The Denver Nuggets should have no question that Nikola Jokic is worth a maximum contract coming off his rookie deal. The only issue is when that contract should come.

Jokic was a second-round pick in 2014, and he joined the Nuggets a year later on a contract fairly typically for a second-round pick. The first three years of Jokic’s contract (totaling $4 million) were guaranteed, and Denver also had a club option on the fourth season at $1.6 million.

Within a season and a half, Denver realized it had a star on its hands.

So there is no question that when that contract comes up, Denver will gleefully pay whatever it takes to keep their best player and continue to build a good, young team around Jokic, Jamal Murray, and Gary Harris.

The question is whether that will happen in 2018 with no risk of losing Jokic, or if it will happen in 2019 with some risk.

If the Nuggets pick up Jokic’s cheap option for the 2018-19 season, due to league rules Jokic would become an unrestricted free agent in July 2019. That would mean that he could sign with any club in the NBA and Denver would not have the right to match.

This is a key difference between first- and second-round picks. Those drafted in the first round can typically only become restricted free agents after four years in the league and unrestricted free agents after five seasons. (The exception comes when teams decline club options at some point in a first-round pick’s rookie deal.) Those drafted in the second round can become restricted free agents after one, two, or three years in the league (depending on the contract) and unrestricted free agents the year after.

Because Jokic is a second-round pick, the Nuggets can reject the club option for 2018-19 this summer. Jokic would then become a restricted free agent on July 1. The Nuggets would then maintain the right to match any offer sheet he signs, if he doesn’t first sign a max contract with the Nuggets.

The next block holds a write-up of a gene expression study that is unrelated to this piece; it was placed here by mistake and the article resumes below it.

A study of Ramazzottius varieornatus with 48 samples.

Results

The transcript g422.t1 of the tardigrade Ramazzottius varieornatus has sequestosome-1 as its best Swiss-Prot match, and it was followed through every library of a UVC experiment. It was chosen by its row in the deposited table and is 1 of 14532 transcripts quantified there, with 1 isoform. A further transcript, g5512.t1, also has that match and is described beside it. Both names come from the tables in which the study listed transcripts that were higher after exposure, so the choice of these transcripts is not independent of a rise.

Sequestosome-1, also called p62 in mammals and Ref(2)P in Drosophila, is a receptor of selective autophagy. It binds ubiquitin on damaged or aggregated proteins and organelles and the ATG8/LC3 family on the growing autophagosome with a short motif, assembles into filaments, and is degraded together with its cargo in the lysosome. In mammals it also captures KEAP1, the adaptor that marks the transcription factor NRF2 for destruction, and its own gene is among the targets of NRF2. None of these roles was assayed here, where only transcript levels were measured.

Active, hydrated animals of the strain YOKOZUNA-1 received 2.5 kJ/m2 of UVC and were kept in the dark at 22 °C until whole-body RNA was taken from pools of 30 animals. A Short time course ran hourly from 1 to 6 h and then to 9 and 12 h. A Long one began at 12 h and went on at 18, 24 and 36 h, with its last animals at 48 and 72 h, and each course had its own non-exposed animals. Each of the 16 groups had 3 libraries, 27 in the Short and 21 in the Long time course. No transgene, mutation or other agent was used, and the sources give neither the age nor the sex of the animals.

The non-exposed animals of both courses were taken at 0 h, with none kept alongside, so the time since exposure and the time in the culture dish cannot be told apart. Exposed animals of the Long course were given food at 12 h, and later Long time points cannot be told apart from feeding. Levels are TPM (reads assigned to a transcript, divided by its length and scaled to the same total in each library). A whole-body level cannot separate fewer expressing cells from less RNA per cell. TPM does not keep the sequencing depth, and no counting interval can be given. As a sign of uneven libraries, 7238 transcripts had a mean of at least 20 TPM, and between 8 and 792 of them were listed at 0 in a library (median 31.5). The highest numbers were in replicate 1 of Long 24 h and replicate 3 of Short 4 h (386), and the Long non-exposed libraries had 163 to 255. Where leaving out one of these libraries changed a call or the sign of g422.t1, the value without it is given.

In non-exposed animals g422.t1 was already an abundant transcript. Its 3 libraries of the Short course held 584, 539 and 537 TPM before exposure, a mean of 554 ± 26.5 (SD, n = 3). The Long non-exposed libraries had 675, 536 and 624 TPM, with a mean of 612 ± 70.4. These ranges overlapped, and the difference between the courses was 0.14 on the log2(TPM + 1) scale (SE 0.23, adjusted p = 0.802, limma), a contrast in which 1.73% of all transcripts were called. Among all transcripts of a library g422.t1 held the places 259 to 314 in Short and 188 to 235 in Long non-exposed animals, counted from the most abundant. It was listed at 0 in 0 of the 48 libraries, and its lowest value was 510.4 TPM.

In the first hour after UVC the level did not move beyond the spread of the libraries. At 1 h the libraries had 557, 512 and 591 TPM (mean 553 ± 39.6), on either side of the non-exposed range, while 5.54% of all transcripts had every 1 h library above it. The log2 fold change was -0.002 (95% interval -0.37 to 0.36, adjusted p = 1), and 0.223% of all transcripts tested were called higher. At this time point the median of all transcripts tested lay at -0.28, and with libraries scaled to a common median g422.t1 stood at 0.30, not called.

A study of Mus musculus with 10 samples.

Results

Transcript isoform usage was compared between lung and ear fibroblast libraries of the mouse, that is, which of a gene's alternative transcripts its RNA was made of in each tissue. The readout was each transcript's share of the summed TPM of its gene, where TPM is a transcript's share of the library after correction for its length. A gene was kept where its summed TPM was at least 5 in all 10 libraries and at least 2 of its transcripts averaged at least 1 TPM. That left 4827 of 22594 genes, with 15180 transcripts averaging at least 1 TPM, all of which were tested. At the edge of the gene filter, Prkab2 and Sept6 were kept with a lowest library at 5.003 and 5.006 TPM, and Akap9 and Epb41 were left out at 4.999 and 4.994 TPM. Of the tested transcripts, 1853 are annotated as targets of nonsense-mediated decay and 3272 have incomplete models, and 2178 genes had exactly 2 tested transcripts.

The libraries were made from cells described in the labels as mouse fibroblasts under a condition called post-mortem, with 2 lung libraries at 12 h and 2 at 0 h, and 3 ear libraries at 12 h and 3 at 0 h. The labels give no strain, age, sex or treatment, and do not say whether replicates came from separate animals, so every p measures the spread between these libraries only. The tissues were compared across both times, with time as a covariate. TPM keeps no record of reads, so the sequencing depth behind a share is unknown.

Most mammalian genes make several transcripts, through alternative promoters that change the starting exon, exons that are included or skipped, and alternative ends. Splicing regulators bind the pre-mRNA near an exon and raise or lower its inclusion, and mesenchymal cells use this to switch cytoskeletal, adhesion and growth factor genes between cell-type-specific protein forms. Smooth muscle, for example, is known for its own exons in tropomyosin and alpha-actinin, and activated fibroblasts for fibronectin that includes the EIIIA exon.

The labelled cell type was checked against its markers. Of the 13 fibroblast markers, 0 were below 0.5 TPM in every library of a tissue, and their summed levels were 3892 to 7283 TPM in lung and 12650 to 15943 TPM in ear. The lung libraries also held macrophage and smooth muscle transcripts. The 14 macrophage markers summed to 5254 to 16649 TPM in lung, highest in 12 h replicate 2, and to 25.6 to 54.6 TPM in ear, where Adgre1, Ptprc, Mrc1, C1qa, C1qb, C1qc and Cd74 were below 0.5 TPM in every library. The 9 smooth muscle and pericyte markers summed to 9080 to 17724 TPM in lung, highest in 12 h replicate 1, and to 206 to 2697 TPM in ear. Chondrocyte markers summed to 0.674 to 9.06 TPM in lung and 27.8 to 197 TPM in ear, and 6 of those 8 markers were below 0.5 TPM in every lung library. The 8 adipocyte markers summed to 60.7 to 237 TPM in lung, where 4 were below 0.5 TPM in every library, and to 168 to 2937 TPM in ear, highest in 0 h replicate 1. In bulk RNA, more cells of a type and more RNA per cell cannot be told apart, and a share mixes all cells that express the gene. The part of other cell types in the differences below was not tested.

Doing this would ensure the Nuggets do not lose Jokic.

So what’s the downside?

Declining the club option to pay him sooner would be a huge strain on Denver’s 2018-19 salary cap sheet. That could force GM Tim Connelly to cut elsewhere, hurting the team’s trajectory at a critical point.

If he becomes a restricted free agent this summer, Jokic would be eligible for a contract with a starting salary around $25 million. The Nuggets already have $105 million worth of salaries committed for 2018-19 before accounting for Jokic. The cap is currently projected to be $101 million, with a luxury tax threshold of $121 million.

As you can see, signing Jokic to a max deal this summer would put the Nuggets over the tax threshold! Denver is not typically a team willing to pay the tax, and this would limit the Nuggets’ ability to add other free agents.

There are a couple of player options that, if declined, could open up some breathing room for Denver. Wilson Chandler, a full-time starter, has a $12.8 million option. Darrell Arthur, who seldom plays, can opt in for $7.4 million. Given how tight the market is expected to be, both should probably opt in (though Chandler could be looking to lock in a multi-year deal at a slightly smaller annual number).

If Chandler opts out and the Nuggets give Jokic the max this summer, they would come in just under the tax for next season, depending on what they do with their first-round draft pick.

Being above the tax in the summer is not the end of the world. Denver could wait until the trade deadline get back under, much as the Blazers did this season by unloading Noah Vonleh at the last minute. But for a team in a cluttered middle tier of the Western Conference, being tapped out financially with this roster isn’t ideal — and that’s before the big-money extension Murray will earn down the line.

That makes the option of waiting until 2019 to pay Jokic a little more appealing. If the Nuggets were to pick Jokic’s option this summer, they would have some room to add to the roster to make a real push in the West in 2018-19. Because they’d know Jokic’s payday is just around the corner, they’d need to remain sober in adding salary. But it provides some flexibility at a critical moment.

Still, the downside risk of losing Jokic in unrestricted free agency in 2019 — or angering his camp by delaying his payday — isn’t worth the benefit here. The Nuggets should decline Jokic’s option this summer and give him the max. You don’t tinker when you have a star: you keep them secure.

But it’s not without some pain in the short-term to do so, and you wonder if the timing here won’t prevent the Nuggets from reaching the heights they seek.